Sequencing Justice:how women think about restorative and retributive justice after violence

Stream: Questions of Justice in Cases of Gender-based Violence
Date: Wednesday, 11 February 2015
Time: 3.15 pm – 5.00 pm

Abstract

This exploratory research discusses the multiple goals that women as victims of domestic violence express for justice. Women are revealed as having different objectives for justice and that these are directed to three domain – to the victim, the offender and the community. To each goal women then add specific aims or desires. For this research women who reported domestic violence to police were interviewed when a criminal charge was laid against an offender, on a second occasion when the case had finalised at court, and a third and final time some 6 to 8 months afterwards. The longitudinal prospective method tracked along the justice process and shows that women’s goals for justice unfold over time. The method also allowed space for women to articulate the type of process they would like to resolve the case when they were looking forward and also when they were looking back. Women wanted accountability first and the possibility of a dialogic encounter that may be restorative after that. The either/or debate about justice may be resolved through sequencing justice goals.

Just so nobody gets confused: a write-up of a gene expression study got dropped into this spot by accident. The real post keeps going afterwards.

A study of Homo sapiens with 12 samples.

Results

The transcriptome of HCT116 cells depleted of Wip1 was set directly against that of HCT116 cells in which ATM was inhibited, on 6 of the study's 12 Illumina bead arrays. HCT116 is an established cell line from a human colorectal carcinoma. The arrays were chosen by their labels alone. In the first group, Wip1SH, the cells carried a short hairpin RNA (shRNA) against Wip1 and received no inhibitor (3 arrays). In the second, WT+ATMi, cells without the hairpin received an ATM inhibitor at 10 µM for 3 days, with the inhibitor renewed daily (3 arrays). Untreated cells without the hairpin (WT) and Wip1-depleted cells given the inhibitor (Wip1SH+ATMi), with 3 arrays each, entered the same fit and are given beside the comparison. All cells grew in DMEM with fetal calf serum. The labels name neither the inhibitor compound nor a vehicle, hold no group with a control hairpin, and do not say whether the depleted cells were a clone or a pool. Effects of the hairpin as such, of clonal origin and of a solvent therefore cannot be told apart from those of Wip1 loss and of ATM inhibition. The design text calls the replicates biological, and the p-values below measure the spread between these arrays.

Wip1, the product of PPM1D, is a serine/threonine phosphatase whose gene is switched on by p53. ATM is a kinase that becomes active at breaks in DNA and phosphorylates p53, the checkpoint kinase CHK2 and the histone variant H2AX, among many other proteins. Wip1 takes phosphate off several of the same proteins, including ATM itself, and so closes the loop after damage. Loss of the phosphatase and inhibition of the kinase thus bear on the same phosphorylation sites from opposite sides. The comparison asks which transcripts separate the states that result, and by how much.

Author

Robyn Holder (Presenter), Griffith Uni
Dr Robyn Holder is a Research Fellow at Griffith University. Her most recent research dealt with violence against Syrian women in Iraqi Kurdistan. In 2013-14 she was also part of teams examining access to justice for women in The Philippines and justice responses to violence against Aboriginal women in the Northern Territory (Australia). Dr Holder has nearly 30 years’ experience in research, public policy and law reform in Australia and the UK. She is a specialist in the research-policy nexus, and in system reform.